The Food and Beverage Industry: A Half Year Review
There’s no doubt that the pandemic has brought significant change to most industries in one form or another.
However, the food and beverage industry has found itself in its own unique situation, with a new set of challenges. Where some industries found demand grinding to a standstill, the demand for food and beverages boomed.
With the close of restaurants came more people flocking to the grocery stores, to prepare their own food at home. Food and beverage consumption is a critical necessity that everyone must have access too.
Although, it’s safe to say that demand didn’t pose a problem, there have been other challenges - and opportunities - for the industry.
Let’s look in more detail.
Taking the Heat with PPE
Mask mandates and PPE have (rightly) become compulsory in food and beverage plants. This is a safety precaution. However, in the spring and summer months PPE, face masks and shields can pose an additional safety risk to employees, due to the added heat they create.
In response, there has been an uptick in food and beverage plants introducing comfort cooling, cooling systems and air conditioners, to make the work environment tolerable. These applications are quickly available to meet OSHA regulatory standards, not just a nice to have.
Not only do these customized cooling solutions provide additional employee safety where needed, but they also help to combat humidity and condensation control for food and beverage processing in the plants.
Handling Overseas Supplier Problems
Many larger food and beverage plants have historically ordered some of their ingredients from overseas. When travel restrictions hit this process flow of product ingredients was no longer possible.
What we’ve seen is an influx of food and beverage plants reaching out to local suppliers to meet their sourcing needs, allowing a fully sufficient system within the United States where possible and avoiding a complete production disruption should another major crisis take place.
The next step in mitigating future disruptions for our food and beverage plants is having a contingency plan in place to handle any natural disasters from hurricanes to future pandemics. If disaster strikes again, you can be confident that expert vendors are immediately available in your own network and ready to react. This will greatly limit the possibility of a disruption in production.
The Ramp Up of Automation
Before the pandemic there was new technology coming out that was ramping up automation of food & beverage production. Covid has only increased that need due to less chance of plant disruptions instead of a system completely dependent on employee labor. This is an area we anticipate continued growth and technology.
Automation presents additional benefits to the industry. Productivity boosters such as improved line efficiency, maximized ingredient usage and enhanced food safety to name a few.
Increased product demand and potential workforce shortages that are taking place today make it clear that automation won’t just be a trend but is here to stay.
A Shift in Allocation, Not Quantity
The pandemic has meant that food and beverage plants that supplied to restaurants and the hospitality industry have been forced to make processing changes and reallocate production toward individual consumer sizes. There was a sudden increase in shift toward grocery stores, schools and other vital resources during the pandemic that continued to support our food supply chain.I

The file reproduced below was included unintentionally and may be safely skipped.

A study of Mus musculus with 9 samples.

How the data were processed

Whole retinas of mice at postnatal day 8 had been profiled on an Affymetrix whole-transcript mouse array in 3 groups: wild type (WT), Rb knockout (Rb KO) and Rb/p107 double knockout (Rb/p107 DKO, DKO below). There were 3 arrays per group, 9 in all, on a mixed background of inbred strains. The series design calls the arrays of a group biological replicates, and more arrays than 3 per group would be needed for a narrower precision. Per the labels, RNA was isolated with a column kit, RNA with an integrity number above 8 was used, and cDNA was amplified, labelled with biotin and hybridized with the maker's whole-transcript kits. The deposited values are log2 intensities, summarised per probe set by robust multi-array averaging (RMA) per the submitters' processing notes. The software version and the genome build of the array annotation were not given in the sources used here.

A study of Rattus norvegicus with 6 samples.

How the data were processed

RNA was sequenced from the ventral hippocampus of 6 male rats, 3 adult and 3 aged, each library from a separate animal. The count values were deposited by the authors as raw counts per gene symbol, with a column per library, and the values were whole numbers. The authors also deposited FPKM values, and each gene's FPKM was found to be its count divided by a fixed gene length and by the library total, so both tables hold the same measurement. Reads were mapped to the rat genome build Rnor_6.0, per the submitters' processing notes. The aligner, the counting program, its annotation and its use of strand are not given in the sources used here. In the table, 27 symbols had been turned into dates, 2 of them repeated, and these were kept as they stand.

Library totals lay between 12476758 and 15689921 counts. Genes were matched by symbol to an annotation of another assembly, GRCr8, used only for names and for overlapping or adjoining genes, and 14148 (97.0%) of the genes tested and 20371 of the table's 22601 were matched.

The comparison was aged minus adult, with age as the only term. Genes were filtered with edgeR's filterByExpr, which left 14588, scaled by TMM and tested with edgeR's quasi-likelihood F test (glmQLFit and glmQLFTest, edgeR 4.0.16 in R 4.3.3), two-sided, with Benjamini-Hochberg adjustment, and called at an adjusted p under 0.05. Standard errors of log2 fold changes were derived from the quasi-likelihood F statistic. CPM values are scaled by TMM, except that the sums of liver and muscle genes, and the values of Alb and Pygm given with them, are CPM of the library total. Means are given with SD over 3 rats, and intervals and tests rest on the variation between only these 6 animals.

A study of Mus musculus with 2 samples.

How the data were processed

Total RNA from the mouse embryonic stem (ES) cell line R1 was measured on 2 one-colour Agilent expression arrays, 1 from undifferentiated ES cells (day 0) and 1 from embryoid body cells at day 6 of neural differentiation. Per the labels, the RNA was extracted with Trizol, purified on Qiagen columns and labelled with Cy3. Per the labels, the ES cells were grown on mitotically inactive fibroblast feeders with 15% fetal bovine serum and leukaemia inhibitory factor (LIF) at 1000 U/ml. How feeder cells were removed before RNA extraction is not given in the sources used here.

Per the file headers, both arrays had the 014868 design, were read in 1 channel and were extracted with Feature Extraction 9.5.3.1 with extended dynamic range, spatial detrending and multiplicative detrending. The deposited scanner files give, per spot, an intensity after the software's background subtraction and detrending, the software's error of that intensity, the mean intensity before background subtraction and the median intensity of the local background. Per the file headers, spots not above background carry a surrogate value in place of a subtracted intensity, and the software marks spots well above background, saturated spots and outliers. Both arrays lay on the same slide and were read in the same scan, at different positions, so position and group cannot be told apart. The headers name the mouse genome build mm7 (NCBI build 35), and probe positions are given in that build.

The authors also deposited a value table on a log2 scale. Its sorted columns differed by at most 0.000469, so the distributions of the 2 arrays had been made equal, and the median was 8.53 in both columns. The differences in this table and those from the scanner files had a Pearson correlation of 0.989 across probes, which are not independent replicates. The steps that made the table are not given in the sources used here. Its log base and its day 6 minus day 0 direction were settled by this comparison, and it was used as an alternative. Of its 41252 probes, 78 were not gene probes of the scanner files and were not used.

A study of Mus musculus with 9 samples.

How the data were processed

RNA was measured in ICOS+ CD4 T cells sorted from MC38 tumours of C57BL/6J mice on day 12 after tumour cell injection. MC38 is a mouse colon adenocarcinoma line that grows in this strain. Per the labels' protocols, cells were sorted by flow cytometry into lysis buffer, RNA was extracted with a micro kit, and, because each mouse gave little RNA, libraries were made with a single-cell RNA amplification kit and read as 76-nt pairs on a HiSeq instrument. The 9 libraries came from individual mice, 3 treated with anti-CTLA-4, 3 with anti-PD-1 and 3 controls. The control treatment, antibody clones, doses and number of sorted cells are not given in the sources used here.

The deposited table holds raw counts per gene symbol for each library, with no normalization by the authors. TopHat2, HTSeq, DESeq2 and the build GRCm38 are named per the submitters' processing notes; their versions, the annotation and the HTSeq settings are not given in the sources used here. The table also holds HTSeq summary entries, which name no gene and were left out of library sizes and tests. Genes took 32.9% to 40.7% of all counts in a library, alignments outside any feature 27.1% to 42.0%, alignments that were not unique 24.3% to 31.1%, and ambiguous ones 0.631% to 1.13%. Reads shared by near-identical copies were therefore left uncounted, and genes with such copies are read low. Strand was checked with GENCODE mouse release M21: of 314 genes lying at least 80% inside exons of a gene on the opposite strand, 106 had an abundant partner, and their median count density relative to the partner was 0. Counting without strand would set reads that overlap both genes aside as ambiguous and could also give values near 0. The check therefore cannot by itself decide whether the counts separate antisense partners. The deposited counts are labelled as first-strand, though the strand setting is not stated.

Plants had to act fast to make this shift happen, working tirelessly to understand the new processes and demands for new revenue streams.
Sustainability is Still Key
Many other industries have put their sustainability initiatives on hold this year, due to a distinct lack of resources to keep in line with their goals.
However, with more people shopping in grocery stores - and looking after their health - there’s been a sharp focus on consumers caring about the supply chain of their food. This has led to the food and beverage industry keeping sustainability goals at the forefront of their priorities alongside the product demand increase.
And as always, the elimination of single-use plastic is still a major priority, testing new materials that can be naturally broken down.
Maintenance is More Important Than Ever
We know that food and beverage plants have been running non-stop to keep up with the increasing demand. But as a result, equipment has also been running non-stop, at a higher frequency than it would normally.
This has meant that unplanned outages and subsequent breakdowns are more common, which affect production and revenue loss - which you simply can’t afford!
More and more plants have been realizing that temporary rental equipment is the solution to this problem. They are able to install new equipment without switching off their critical utilities and service existing equipment without loss of production.
A lesson we’ve all learned this year is that no one knows exactly what’s around the corner. We have learned that having a solid contingency plan in place is the only way to be prepared for a potential disaster. Knowing the right supplier to call for temporary rental equipment is key to success.
The food and beverage industry is never going to suffer from a lack of demand. However, as we all have experienced there is a surge in demand with no clear let up in sight.
The lesson is clear: those who prepare will flourish when the unexpected happens.